Highlights of this issue include a reading list on "Having Difficult Conversations with Older Adults” as well as updates from AGE-WELL, Baycrest, Brainxchange, Bruyere, Canadian Centre for Activity and Aging, Centre for Studies in Aging and Health, Institute for Life Course & Aging, National Institute on Ageing, Ontario Age-Friendly Communities Outreach Program, Ontario Centres for Learning, Research & Innovation in Long-Term Care, Ontario Community Support Association, Ontario Neurotrauma Foundation, Ontario Osteoporosis Strategy and SE Research Centre.
Information about funding opportunities and calls for abstracts from the Canadian Association on Gerontology and Social Sciences and Humanities Research Council are included. A number of upcoming events and educational opportunities are listed. Sign up to receive Linkages directly here.
On March 4th, 2019 Dr. John Puxty provided this in-person/webinar presentation targeted towards the practicing clinician with a focus on assisting them in appreciating the importance of recognizing frailty in older adults, identifying practical methods for flagging and assessing frailty and its commonly associated contributing factors and improving awareness about evidence-based strategies to reduce and manage frailty. Watch the video recording here.
Wed. June 5th from 8:45AM to 4:00PM at the Best Western Inn on the Bay, join the Grey Bruce Geriatric Education Cooperative for this interactive learning experience to learn more about osteoporosis and frailty, fracture prevention for long-term care residents, exercise for bone health, falls & fracture prevention, medications in osteoporosis treatment, diet for optimal bone health, fracture risk scale and fracture screening and prevention program. To learn more or to register see the pdf.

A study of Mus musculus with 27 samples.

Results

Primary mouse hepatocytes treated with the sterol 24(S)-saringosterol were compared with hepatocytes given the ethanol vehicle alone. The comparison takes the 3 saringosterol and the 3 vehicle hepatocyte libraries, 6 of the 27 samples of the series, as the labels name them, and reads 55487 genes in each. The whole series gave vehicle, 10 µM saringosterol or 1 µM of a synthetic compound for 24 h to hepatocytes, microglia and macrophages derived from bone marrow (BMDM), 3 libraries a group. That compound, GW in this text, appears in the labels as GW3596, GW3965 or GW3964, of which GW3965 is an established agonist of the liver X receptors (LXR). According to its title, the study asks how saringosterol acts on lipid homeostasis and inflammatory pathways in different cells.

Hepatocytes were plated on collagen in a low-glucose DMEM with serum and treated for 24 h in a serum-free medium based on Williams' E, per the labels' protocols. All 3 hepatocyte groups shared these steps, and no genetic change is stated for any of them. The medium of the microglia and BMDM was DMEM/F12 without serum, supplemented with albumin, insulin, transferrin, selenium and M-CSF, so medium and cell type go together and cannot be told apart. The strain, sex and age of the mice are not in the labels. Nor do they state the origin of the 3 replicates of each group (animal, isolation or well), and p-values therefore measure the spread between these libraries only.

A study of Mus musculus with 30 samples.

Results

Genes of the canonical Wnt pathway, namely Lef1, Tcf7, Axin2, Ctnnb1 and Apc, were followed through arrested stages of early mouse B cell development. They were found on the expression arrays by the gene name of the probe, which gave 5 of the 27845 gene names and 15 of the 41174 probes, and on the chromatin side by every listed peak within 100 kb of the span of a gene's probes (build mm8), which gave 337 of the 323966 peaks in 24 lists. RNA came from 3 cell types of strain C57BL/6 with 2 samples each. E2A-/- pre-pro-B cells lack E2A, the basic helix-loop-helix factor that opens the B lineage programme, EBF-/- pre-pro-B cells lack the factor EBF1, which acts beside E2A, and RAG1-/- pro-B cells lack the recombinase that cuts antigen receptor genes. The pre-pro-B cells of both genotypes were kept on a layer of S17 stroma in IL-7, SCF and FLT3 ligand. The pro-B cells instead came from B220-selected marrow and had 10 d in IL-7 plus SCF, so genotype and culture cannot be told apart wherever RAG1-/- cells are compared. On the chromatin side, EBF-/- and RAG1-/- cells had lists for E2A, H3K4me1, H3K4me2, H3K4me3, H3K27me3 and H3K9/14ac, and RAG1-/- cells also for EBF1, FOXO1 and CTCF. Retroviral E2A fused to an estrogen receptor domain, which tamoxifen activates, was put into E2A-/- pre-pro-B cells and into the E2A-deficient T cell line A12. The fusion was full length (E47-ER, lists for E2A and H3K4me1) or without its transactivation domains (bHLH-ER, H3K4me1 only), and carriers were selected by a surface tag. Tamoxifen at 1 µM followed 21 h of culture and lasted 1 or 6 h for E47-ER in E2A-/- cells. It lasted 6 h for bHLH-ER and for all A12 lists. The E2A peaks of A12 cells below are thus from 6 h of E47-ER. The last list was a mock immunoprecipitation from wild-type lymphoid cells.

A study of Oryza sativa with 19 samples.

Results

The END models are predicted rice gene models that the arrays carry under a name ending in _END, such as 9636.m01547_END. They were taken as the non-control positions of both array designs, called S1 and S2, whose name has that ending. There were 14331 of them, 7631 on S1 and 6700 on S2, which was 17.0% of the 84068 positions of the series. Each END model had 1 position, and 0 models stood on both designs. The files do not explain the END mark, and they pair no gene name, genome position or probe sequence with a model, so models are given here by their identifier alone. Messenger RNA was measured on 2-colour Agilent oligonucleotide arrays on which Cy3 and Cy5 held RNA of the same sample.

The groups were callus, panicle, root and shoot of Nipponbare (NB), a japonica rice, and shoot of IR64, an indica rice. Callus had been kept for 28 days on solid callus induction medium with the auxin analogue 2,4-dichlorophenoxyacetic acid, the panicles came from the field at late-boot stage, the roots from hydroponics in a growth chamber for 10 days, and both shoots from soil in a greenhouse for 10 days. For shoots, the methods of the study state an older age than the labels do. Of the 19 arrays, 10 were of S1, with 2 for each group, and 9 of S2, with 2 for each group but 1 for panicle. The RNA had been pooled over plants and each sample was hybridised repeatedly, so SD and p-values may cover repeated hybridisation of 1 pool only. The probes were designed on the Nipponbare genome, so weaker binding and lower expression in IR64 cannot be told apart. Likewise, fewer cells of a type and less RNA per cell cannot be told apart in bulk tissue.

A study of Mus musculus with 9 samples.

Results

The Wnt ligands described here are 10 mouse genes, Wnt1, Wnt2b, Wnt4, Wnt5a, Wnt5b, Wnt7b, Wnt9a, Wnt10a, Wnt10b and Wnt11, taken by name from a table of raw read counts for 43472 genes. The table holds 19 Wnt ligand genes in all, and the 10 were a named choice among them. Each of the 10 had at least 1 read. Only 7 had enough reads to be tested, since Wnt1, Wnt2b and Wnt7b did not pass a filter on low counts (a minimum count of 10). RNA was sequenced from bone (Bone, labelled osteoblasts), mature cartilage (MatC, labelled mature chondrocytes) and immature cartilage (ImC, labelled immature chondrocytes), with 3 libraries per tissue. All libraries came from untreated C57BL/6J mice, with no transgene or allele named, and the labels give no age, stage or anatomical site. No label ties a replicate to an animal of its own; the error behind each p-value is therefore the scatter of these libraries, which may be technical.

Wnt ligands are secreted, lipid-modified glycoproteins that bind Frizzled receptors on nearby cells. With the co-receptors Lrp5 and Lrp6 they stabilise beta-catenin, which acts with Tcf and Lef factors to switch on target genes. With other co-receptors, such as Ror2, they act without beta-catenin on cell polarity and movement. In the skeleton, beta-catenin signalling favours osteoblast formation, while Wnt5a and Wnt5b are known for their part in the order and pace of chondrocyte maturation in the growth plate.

Tuesday, February 19, 12 - 1 PM EST - Join presenter Debra Sheets (Associate Professor in the School of Nursing at the University of Victoria) for Characteristics of Caregivers and Care receivers in the Canadian Longitudinal Study on Aging (CLSA). Caregiving has become a common role for Canadian families as the numbers of older adults with comorbidity, disability and frailty who need help with daily activities (e.g. meal preparation, transportation) continues to grow. The CLSA is the first longitudinal study to collect data on Canadian caregivers and care receivers. It offers a unique opportunity to examine patterns of caregiving and care receiving (e.g., who provides care, what types of care, and more). This presentation examines patterns of caregiving and care receiving by sociodemographic characteristics, self-reported health, and type of care given/received (e.g. IADL/ADL, chronic conditions). To register, click here.
Highlights of this issue include a reading list on "Nutrition & Eating Disorders in Later Life” updates from AGE-WELL, Baycrest, Behavioural Supports Ontario, Brainxchange, Bruyere, Centre for Studies in Aging and Health, Gilbrea Centre for Studies in Aging, Institute for Life Course & Aging, Ontario Age-Friendly Communities Outreach Program, Ontario Osteoporosis Strategy and Regional Geriatric Program of Toronto, SE Research Centre and Trent Centre for Aging & Society.
Information about funding opportunities and calls for abstracts from AGE-WELL, Alzheimer’s Drug Discovery Foundation, Canadian Association on Gerontology and Canadian Frailty Network are included.A number of upcoming events and educational opportunities are listed. Sign up to receive Linkages directly here.
This article describes a systematic review that critically examined the available scientific literature on risk factors for malnutrition in the older population 65 years and older. 16 pages. Last reviewed December 2018.